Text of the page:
Hanoi, Vietnam, July 20, 2019 – Fired-up China powered past Thailand in straight sets on Saturday to set up a highly-anticipated final showdown with debutantes DPR Korea in the 3rd Asian Women’s U23 Volleyball Championship at the Gia Lam Gymnasium as the Sunday’s eventual winners will be crowned the 2019 Asian U23 champions with a remarkable unbeaten record.

Contested in the action-packed semi-finals at the crowded venue, China pulled off an exceptional 3-0 victory over Thailand, silver medallists at the previous two editions including the 2017 Asian U23 Championship at home in Nakhon Ratchasima, while DPR Korea recovered from the first-set loss to stun hosts Vietnam 3-1.

Against a determined Thailand, Sun Jie and Wu Han spearheaded gritty China to a hugely-impressive 3-0 (25-14 25-21 25-21) win in the thrilling semi-final clash on Saturday.

The convincing win brought China to their second final showdown in both editions they took part in. In the inaugural Asian U23 Championship in the Philippines in 2015, China made it to the final and brushed off Thailand 3-1 to capture the Asian crown. Two years later, China did not take part in the second edition in Nakhon Ratchasima, Thailand.


In this third edition in Hanoi, China set up a final showdown with DPR Korea. Both teams remain unbeaten en route to the showdown, with the latter participating in the biennial competition for the first time in history.

On Saturday, Sun Jie performed brilliantly to score a team-high 15 points from 11 attacks, 3 blocks and one ace for China, while Wu Han, who joined a Chinese squad which won the gold medal at the 2017 FIVB Women’s U20 World Championship in Mexico and who won the Best Outside Spiker in that world-class event, made good company to contribute 13 points including 11 attacks from 29 attempts. Thanacha Sooksod topscored with 14 points for Thailand including 12 attacks from 30 attempts.

“We have good cooperation for this match and we think about every scenario of a difficult team. Thailand played very well and they gave us many challenges. We stayed calm with patience and that’s why we won. I think the key to our success today is patience. We played as a team. Everyone played her part. Against DPR Korea in the final, we will do the same thing as we did in preparation for the match against Thailand, that is we will go back and prepare for our next match. We hope to play well in the final,” China captain Yang Yi commented through English-speaking team manager Song Yue.

In the other semi-final clash, DPR Korea produced a terrific comeback 3-1 (18-25 25-20 26-24 25-21) win against hosts Vietnam.

Son Hyang Mi chipped in with 19 points for DPR Korea including 18 attacks from 58 attempts, while Pyon Rim Hyang made good company to add 16 points. Tran Thi Thanh Thuy topscored with 18 points including 14 attacks and 3 blocks for Vietnam.

Vietnam, which put it past fighting Kazakhstan 3-1 in the quarter-finals, fielded a formidable lineup led by the 187cm Tran Thi Thanh Thuy, Duong Thi Hen and Tran Thi Bich Thuy, while DPR Korea relied on their exceptional offensive combinations of Son Hyang Mi and Pyon Rim Hyang.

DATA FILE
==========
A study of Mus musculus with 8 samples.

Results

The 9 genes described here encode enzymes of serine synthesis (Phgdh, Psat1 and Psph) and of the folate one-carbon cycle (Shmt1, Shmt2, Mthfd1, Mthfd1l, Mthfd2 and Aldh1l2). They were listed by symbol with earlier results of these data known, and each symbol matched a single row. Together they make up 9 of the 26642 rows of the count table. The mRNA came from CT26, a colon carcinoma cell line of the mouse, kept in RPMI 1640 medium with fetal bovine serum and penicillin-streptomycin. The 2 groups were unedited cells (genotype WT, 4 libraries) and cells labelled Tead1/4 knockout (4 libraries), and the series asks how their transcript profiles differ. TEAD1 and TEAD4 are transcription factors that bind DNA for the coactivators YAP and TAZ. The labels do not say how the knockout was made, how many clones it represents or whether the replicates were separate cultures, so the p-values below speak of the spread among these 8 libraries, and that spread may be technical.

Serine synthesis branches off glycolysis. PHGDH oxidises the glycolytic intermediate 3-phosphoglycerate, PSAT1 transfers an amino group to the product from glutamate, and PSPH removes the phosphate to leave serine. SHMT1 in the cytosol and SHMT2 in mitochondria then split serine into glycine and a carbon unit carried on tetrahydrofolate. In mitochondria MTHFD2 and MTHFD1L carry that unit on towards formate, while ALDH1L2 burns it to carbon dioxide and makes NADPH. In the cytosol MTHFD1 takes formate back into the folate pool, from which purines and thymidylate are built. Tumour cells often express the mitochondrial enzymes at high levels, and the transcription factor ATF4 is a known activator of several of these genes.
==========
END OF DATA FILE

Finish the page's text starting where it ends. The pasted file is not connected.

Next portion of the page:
Following the win, the DPR Korean players jumped for joy, hugged their staff coaches and one another. Everybody had smiles on everybody’s faces.

The stunning win over hosts Vietnam was a sweet revenge for the DPR Korea’s loss to Vietnam in the final showdown at the last year’s VTV International Women’s Volleyball Cup in Ha Tinh, Vietnam. There, Vietnam, led by Tran Thi Thanh Thuy, who won the MVP in the tournament, beat the Koreans in straight sets for the title.

In the classification for 5th-8th playoffs earlier, in-form Kazakhstan proved too much for New Zealand to brush off the unfancied rivals in comfortable straight sets 25-12 25-17 25-17.

Kristina Belova became the only player who scored with double digits after collecting 12 points for Kazakhstan including 9 attacks from 20 attempts, while Petra Manderson led New Zealand with 7 points.

With the win, Kazakhstan will battle it out with Chinese Taipei for the 5th position on Sunday, while New Zealand play Hong Kong China in the 7th-8th playoff.

Chinese Taipei, which finished fourth place at the previous edition in Nahon Ratchasima, Thailand two years ago, put up a good show against Hong Kong China to beat the rivals in straight sets 25-15 25-22 25-23 on Saturday.

Chen Yu-Chien chipped in with 12 points including 11 attacks from 32 attempts, while Tam Ching Rachel led Hong Kong China with 7 points.

“It’s a close game. Young players in my teams including the 19-year-old Chen Yu-Chien performed well. In the first set, we played well in serving and attacking, but in the second and third sets, they came up with up and down again. If you see the opponents’ errors, we still made more mistakes than Hong Kong China. This will be a good lesson for my team to play more carefully and confidently. We will play Kazakhstan in the 5th-6th place playoff. They are tall and strong, but we will try to beat them,” Japanese Koji Tsizirabara, head coach of Chinese Taipei, commented after the match.

Meanwhile, the 9th-10th playoff encounter between Australia and India at Tay Ho Gymnasium saw the former pull off a dramatic 3-1 (25-17 25-19 11-25 25-19) win against the latter. Australia took the 9th place, with India in 10th position.